Sardinia’s traditional carnival, and especially central Sardinia’s, has ancestral origins that refer to pagan and tragic rites. Sos Colonganos are the masks of Austis’ carnival and their name derives from the Greek word “kolos”, which means sheep, so that their denomination should mean “those who dressed as sheep”. But “kòlos” also means “the one who is beaten, tortured”  and that is the victim of the carnival, commonly called s’Urtzu.

Description of the masks

Although similar to the Mamuthones, perhaps Barbagia’s most famous mask, Sos Colonganos differ from all the others for some details, including the use of animal bones and the strawberry tree fruits. More in detail, Sos Colonganos wear garments made of sheepskin while on their heads they wear fox or marten skins. The skins are necessary because, in the context of paganism, they invoke the rain. On their shoulders, instead of cowbells, they carry animal bones that recall death and resurrection (de s’Urtzu). The men, equipped with sticks and pitchforks, have their faces covered by a cork mask adorned with strawberry tree branches. Even the choice of the plant is not accidental, as the strawberry tree is an evergreen plant used in a variety of ways that grows in the cold season and whose production is very abundant throughout Sardinia. As in other Sardinian carnivals, the sacrificial victim is s’Urtzu, which strongly references the figure of the Latin Orcus, or the god of the underworld. In Austis, s’Urtzu is dressed in wild boar skins and is kept at bay and beaten by the other figures while emitting cries of terror. Sos Bardianos, on the other hand, represent the guardians who wear the classic ‘gabbanu’, a black orbaceous coat with a hood. They always carry two instruments with them: sticks, used to beat s’Urtzu, and an animal horn, used as a musical instrument to announce the passage of the procession.

Austis’ carnival mask was brought to light during the studies conducted by Bonaventura Licheri, who, in 1700, described them with the following poem:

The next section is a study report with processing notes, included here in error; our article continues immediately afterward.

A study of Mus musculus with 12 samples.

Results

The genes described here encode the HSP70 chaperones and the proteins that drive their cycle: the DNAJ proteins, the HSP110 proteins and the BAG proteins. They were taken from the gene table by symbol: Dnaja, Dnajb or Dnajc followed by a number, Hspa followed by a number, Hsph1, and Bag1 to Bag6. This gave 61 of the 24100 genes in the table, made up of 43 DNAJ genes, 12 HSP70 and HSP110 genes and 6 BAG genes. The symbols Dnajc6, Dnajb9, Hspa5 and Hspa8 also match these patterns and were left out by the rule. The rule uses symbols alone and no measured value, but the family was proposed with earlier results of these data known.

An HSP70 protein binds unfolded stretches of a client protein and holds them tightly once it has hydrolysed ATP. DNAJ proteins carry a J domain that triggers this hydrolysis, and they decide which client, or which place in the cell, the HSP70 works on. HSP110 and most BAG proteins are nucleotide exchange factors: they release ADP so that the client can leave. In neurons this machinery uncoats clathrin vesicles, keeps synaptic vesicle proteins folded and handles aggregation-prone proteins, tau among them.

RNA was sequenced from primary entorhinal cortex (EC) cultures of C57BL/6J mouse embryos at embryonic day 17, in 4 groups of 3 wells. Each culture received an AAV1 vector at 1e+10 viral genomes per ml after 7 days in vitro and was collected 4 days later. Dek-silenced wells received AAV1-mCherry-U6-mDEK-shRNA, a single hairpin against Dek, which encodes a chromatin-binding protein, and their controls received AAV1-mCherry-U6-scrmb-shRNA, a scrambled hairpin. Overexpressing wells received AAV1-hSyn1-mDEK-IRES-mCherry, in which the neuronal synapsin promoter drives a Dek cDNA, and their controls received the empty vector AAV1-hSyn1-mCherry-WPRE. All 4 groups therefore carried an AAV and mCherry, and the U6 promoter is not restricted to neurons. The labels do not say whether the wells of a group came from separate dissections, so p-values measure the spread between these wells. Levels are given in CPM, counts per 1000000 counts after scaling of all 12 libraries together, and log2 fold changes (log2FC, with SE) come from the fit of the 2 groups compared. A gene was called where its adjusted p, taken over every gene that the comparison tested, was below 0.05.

E in su fogulone ballant sos Colonganos, cun urteddos in manos de bardaneris. Bricant che gherrieris cun fustes e furcones, cun peddes de matzones, craba e isbirru. Meres in dogni chirru che una suferentzia, che una penetentzia, dilliriados. De ossos carrigados in palas a muntone, e frunzas de lidone ant pro caratza. Sa pecadora ratza paret bestid’a dolu, de dimonios su ‘olu in terr’avallu. 

Translation: Sos Colonganos dance around the big bonfire, with brigand knives in their hands. They jump as if they were in a fight, equipped with sticks and pitchforks. They are covered with fox, goat and marten skins. Everywhere you see “printzipales” seized by a frenzy, delirious, like those suffering in penance. Their shoulders are loaded with bones and on their faces is a mask of strawberry tree fronds. This race of sinners seems to be dressed in mourning and is similar to a flight of demons that has found shelter on earth.

When to see the traditional Austis masks

The first official release of Sos Colonganos is on January 16th, on the occasion of the feast of Sant’Antonio Abate, when a fire is lit in honor of the saint. In particular, it is said that Sant Antonio Abate stole a spark from the underworld and gave it to humans on Earth. The dance around the fire also refers to the pagan ritual according to which Sos Colonganos stage a dance to attract the attention of the God of Vegetation so that the lands will be fertile and the agricultural crops profitable. In general, January 16th is the date of the beginning of the Carnivals in Sardinia. Despite its ancient origins, the Austis carnival was only brought to light a few years ago. Every year during the days of the carnival, Sos Colonganos gather in front of the bonfire lit for the occasion and, like penitents, beat their sticks on the ground and jump on the spot making an archaic and gloomy sound. This is followed by a community dinner where participants are gathered around the fire and are immersed in a festive atmosphere, between Sardinian dances and inviting scents.